Back in October, I showed off what were then the only basketball cards that were in my collection. Now, since I've added a few more that have filtered in from other deals, I'd like to do a short about these new additions.
Topps was out of the basketball card market for a long time. After a set in 1957, they waited until 1969 to make a second set. The sets in 1969/'70 and 1970/'71 were both large-sized sets, much like 1964 Topps hockey and 1965 Topps football had been. Since basketball players tended to be taller, the format was actually appropriate.
In 1971, Topps reduced their basketball set to the same standard size all their mainstream sets had:
Card #58 -- Calvin Murphy, Houston Rockets
In a way, these were similar to the design of 1969 Topps football, with a player photo in front of a solid color. A very 1970s font is used at the top to denote the player's team's city, while red sets apart the player's initials and position. Cards 1-144 feature NBA players while series 2 (145-233) feature players from the old ABA.
I only have a small handful of cards from this set, but I did notice this:
(Love the old ABA basketball seen on Cannon's card)
1971/'72 was the first season the Rockets played in Houston after four seasons in San Diego. Since NASA was in Houston, the "Rockets" name was a fit there. However, they weren't the only professional basketball team to play with the name. Denver was an original ABA team in 1967 and also called themselves the Rockets. As the ABA/NBA merger appeared to be working out during the mid-1970s, the Denver team changed its name to Nuggets, a name it still uses to this day.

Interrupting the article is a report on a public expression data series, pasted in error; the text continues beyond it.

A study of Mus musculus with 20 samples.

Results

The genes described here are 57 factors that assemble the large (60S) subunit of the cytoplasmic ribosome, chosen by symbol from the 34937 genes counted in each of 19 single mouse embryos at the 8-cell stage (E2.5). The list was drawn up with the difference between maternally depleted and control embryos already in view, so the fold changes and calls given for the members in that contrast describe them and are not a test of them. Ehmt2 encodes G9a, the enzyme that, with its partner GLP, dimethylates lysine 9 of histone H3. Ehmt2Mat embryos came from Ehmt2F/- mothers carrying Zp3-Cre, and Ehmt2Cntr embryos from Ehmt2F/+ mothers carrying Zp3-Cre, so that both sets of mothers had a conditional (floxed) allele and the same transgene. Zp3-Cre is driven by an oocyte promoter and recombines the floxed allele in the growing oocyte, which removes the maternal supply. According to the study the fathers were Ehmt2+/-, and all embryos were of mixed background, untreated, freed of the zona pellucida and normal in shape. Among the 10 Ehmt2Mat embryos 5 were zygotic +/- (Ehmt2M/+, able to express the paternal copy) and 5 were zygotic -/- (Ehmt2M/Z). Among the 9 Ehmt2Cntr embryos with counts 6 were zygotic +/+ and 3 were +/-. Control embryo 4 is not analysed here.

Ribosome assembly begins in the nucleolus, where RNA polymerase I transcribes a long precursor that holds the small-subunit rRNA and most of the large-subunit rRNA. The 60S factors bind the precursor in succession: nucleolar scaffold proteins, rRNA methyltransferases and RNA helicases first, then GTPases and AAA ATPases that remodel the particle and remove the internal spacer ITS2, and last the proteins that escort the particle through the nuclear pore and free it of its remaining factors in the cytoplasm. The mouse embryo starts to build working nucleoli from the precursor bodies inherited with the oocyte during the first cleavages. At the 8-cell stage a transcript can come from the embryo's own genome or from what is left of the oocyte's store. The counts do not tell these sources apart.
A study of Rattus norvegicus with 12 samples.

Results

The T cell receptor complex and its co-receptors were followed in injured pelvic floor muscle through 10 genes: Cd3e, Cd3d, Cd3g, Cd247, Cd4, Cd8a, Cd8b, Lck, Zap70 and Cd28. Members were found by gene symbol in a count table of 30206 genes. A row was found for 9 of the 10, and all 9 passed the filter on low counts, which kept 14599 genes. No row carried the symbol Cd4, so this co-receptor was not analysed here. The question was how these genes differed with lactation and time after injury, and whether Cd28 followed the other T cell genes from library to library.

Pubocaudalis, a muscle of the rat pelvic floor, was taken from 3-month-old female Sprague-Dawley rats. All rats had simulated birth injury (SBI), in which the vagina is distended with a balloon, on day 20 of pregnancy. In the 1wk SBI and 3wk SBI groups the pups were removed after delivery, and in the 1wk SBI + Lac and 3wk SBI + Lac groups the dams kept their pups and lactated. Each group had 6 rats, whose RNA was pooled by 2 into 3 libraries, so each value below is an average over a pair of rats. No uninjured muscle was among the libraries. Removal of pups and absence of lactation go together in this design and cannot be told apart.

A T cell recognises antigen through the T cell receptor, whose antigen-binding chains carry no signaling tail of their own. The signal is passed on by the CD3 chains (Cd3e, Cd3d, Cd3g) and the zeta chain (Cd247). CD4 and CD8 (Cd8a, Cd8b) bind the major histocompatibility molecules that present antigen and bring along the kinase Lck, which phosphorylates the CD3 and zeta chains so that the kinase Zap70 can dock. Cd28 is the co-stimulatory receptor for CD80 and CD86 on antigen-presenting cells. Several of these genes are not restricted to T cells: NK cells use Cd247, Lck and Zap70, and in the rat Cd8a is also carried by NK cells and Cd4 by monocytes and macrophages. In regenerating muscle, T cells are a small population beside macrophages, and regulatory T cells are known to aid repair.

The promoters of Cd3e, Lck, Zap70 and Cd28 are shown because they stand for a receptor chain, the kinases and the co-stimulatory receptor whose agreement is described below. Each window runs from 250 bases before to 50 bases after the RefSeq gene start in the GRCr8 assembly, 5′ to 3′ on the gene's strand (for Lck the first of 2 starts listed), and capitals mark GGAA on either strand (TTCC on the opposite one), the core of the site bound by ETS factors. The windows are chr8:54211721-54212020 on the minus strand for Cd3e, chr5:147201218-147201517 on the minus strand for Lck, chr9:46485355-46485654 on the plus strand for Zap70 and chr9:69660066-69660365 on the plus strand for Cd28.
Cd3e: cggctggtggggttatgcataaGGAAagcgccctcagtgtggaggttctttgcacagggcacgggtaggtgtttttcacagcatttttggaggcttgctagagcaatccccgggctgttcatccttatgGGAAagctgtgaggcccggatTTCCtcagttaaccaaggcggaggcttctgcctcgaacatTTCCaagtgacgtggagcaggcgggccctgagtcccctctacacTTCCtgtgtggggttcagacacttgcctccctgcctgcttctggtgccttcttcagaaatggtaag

1972/'73 saw a new design that wasn't going to hearken back to any other designs:
Card #238 -- Gerald Govan, Memphis Tams
Again, the set was broken down between the leagues. Cards #1-176 featured NBA players, and #177-264 were from the ABA. There were also subsets for playoffs and statistical leaders in each Series as well.
Here's an interesting card I noticed in my stack:
Card #2 -- Stan Love, Baltimore Bullets
The back of Stan Love's card says, "Stan's brother, Mike, sings with a rock & roll group."
Mike Love. Why couldn't Topps just say he was a member of The Beach Boys? There must have been a licensing issue that prevented it.
For the 1973/'74 set, here's a card featuring somebody familiar to fans outside of basketball:
Card #71 -- Phil Jackson, New York Knicks
At the time this card was being printed, Phil Jackson had just helped the Knicks to the 1973 NBA championship. He didn't get any more titles as a player before retiring in 1980, but he made up for that as a head coach, leading 11 teams to NBA titles. This is part of another set split between two leagues: #1-176 are NBA players and 177-264 are ABA pros. Again, there are subsets for league statistical leaders and playoff series.
Here's a card from the set worth showing:
Card #179 -- Steve Jones, Carolina Cougars
Yes, it's a victim of Topps' sometimes lousy QA control. There are two things here that I immediately think of:
- That Afro is too big for the card to hold
- "Cougars" has a very different connotation today
As a guy who is not only a vintage collector but also a 1970s style connoisseur (which is a fancy word for "freak"), it would logically follow that I'm also a fan of 1970s basketball cards. However, I never really started picking up the cards despite the fact that the sets are often quite small and not overly tough to collect. I'll probably be pretty easily hooked if I ever chance upon a nice starer set somewhere.
Well, somebody actually took me up on that, and any further additions to my collection will only help me as I keep showing the cards here.